Forging Food Democracy

By Mark Winne

It is not only our duty to make the right known, but to make it prevalent.
—Edmund Burke

General Charles de Gaulle once said, “Politics are too serious a matter to be left to the politicians.” While I wouldn’t want to leave politics to the generals, I take this statement to mean that citizens should never forfeit the process of making public policy to their elected officials. Once we, the people, have elected policy makers, we need to hold them accountable for their actions, whether in matters of war, health or food.

When it comes to hunger, food insecurity, nutrition or agriculture, I can say with categorical certainty that not a single significant policy gain has been made in the past 50 years without the instigation and participation of an active and vociferous body of citizens. Innovation and change do not occur spontaneously in major centers of political power without the incendiary spark of the populists’ voice.

Democracy works best when it’s closest to the people. That is why we can expect city hall to act faster than the state capitol, which in turn tends to respond to its people before Washington, DC. The farther away the decision makers are from those whose lives are affected by their decisions, the slower will be the change that occurs. As we look back over the United States’ efforts to end hunger and provide equitable access to healthy and affordable food, we see that the food gap has widened or narrowed in proportion to the amount of citizen pressure applied. An informed and activated citizenry, one that speaks for the grass roots first and foremost, is necessary to secure lasting change in this country.

The more people seek to gain control over the food they eat and their larger food system, the more they discover the intrinsic logic of addressing food issues and increasing the food security of their own communities at the local and state levels. Because of their interest in community food security, activists, parents, farmers and anyone who feels that he or she has a dog in the fight for healthy and affordable food have been turning increasingly to food policy and food system planning.

Hartford and Connecticut

Hartford, Connecticut, was among the first cities in the country to have a municipal food policy council, while Connecticut was the first state to have a state government food policy council. Founded in 1992, the Hartford Food Policy Council was formed by a city ordinance that established both a city food policy and a council whose task it was to advise city government on how that policy should be implemented. As stated in the ordinance, “The purpose of the policy shall be to integrate all agencies of the city in a common effort to improve the availability of safe and nutritious food at reasonable prices for all residents, particularly those in need.” The policy statement goes on to identify 14 functions of city government that will be used to implement this policy. They include transportation, land use, direct services (food assistance programs such as the Special Supplemental Nutrition Program for Women, Infants and Children, or WIC, and school meals, which are administered by city agencies), education, health inspections and business development.

The council, whose members are appointed by the city council and include representatives of city departments and the private sector, monitors the performance of the city’s food system, researches and analyzes food issues, and works to improve city government’s response to food problems. Among its accomplishments, the council brought new public transportation to low-income residents that enabled them to easily travel to supermarkets, played a substantial role in removing soft drink machines from the city’s schools, and eliminated barriers to participation in the WIC program that restored the program’s caseload to 11,000 low-income people after it had dropped to 6,000. The Connecticut Food Policy Council, created in 1997, took the lead in securing public attention and support for a major farmland preservation initiative, bringing Electronic Benefit Transfer technology to farmers markets, and securing funding for supermarket development in underserved communities.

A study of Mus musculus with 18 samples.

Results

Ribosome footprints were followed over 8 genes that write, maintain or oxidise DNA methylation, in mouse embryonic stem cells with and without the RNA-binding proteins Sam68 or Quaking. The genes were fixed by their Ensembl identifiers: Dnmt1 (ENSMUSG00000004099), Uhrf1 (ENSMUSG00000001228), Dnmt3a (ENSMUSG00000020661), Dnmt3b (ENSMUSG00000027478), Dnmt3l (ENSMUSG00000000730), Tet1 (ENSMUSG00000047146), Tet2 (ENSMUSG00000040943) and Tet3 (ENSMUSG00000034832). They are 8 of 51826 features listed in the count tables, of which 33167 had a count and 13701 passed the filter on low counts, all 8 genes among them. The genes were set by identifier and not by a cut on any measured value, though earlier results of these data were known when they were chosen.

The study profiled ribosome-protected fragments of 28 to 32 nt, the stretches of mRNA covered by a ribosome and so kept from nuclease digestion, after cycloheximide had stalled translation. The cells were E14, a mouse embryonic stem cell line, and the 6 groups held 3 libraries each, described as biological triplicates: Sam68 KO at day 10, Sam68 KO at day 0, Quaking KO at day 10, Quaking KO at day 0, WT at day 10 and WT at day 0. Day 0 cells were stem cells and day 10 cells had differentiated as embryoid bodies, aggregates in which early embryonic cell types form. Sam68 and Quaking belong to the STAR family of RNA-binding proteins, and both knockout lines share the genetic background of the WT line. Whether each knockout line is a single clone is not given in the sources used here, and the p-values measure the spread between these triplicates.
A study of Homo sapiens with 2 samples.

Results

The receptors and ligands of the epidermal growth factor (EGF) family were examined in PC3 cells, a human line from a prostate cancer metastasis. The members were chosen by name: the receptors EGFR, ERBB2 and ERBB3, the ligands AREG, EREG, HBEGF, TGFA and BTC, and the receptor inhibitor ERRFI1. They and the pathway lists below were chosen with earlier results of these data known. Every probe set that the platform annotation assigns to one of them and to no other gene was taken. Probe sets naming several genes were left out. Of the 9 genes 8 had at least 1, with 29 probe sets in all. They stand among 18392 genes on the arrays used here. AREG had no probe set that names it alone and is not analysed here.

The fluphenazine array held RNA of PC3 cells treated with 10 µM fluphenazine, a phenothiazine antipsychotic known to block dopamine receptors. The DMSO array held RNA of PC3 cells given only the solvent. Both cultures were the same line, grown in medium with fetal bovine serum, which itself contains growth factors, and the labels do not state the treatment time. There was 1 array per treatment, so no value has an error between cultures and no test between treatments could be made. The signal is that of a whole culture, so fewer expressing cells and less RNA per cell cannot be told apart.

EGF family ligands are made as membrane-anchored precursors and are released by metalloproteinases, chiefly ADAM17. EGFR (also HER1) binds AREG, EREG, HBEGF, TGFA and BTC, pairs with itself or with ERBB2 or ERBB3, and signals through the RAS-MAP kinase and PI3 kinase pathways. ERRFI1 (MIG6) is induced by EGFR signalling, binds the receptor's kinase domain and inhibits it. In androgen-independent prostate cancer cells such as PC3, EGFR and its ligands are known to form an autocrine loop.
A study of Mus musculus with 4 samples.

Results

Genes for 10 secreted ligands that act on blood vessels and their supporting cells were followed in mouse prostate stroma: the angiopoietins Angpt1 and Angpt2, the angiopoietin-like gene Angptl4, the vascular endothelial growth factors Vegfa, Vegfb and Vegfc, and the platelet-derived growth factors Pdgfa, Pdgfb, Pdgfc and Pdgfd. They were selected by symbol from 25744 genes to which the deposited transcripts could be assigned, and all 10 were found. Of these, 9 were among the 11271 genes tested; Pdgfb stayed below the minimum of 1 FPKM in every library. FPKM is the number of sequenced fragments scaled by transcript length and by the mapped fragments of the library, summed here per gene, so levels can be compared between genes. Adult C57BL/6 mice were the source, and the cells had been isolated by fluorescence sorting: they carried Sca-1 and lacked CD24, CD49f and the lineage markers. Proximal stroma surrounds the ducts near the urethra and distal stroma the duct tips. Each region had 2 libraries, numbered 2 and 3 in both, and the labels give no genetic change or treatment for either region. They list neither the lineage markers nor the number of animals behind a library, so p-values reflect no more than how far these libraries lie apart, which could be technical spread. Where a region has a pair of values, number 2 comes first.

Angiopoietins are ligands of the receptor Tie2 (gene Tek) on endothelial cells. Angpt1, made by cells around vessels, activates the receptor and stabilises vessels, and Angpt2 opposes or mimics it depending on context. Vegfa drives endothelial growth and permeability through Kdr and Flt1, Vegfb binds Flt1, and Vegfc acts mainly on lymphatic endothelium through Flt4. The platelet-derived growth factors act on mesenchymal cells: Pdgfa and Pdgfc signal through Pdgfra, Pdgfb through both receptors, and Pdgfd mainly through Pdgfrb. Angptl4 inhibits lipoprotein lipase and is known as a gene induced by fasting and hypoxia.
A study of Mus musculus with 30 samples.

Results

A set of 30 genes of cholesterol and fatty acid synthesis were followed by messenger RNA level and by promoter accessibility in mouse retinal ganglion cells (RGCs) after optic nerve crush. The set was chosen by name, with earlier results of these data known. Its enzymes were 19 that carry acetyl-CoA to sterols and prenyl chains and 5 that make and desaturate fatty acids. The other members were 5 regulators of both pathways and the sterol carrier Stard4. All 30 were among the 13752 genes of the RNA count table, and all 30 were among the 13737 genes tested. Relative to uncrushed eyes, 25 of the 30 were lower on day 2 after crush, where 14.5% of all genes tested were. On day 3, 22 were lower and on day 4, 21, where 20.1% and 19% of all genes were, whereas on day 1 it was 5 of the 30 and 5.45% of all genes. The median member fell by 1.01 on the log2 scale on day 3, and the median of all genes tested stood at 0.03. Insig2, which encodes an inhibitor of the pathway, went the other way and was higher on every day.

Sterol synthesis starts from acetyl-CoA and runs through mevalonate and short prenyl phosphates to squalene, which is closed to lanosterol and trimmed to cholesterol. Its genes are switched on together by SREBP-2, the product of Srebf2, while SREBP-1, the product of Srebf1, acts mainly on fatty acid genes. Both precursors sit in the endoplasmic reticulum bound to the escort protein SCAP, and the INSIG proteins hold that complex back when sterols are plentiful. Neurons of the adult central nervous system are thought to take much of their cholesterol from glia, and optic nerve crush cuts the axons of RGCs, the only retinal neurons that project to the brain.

Projects, Partners, and Policy

Three things are necessary to change our food system and close the food gap: projects, partners and policy. Without these “three Ps,” synchronized and fully engaged, we will never be able to develop the innovation, know-how, or resources necessary to reach those goals. Projects are singular activities that social justice and local food system advocates pursue—such as farmers markets, food banks and improving the delivery of food assistance programs. They are the oil that lubricates the gears, but more importantly, they are the source of innovation that inspires others to replicate and disseminate them, and, as people learn more from their own experience, to innovate again. Partners are the nexus of relationships and the wellspring of social capital that we draw from to accomplish our work in today’s complex world. No one person, organization or approach will close the food gap. Doing so will require an extended and long-term team effort with some uncommon connections and often un-thought-of players. But it is policy that will “make the right…prevalent.” Getting our heads above our own projects, or even above our own supper plates, is necessary to see the opportunity that public policy affords. We cannot expect change to occur unless we can replicate everywhere the good work that is going on in specific parts of the country, and to do that requires the broad shoulders of government to push with us in the same direction at the same time.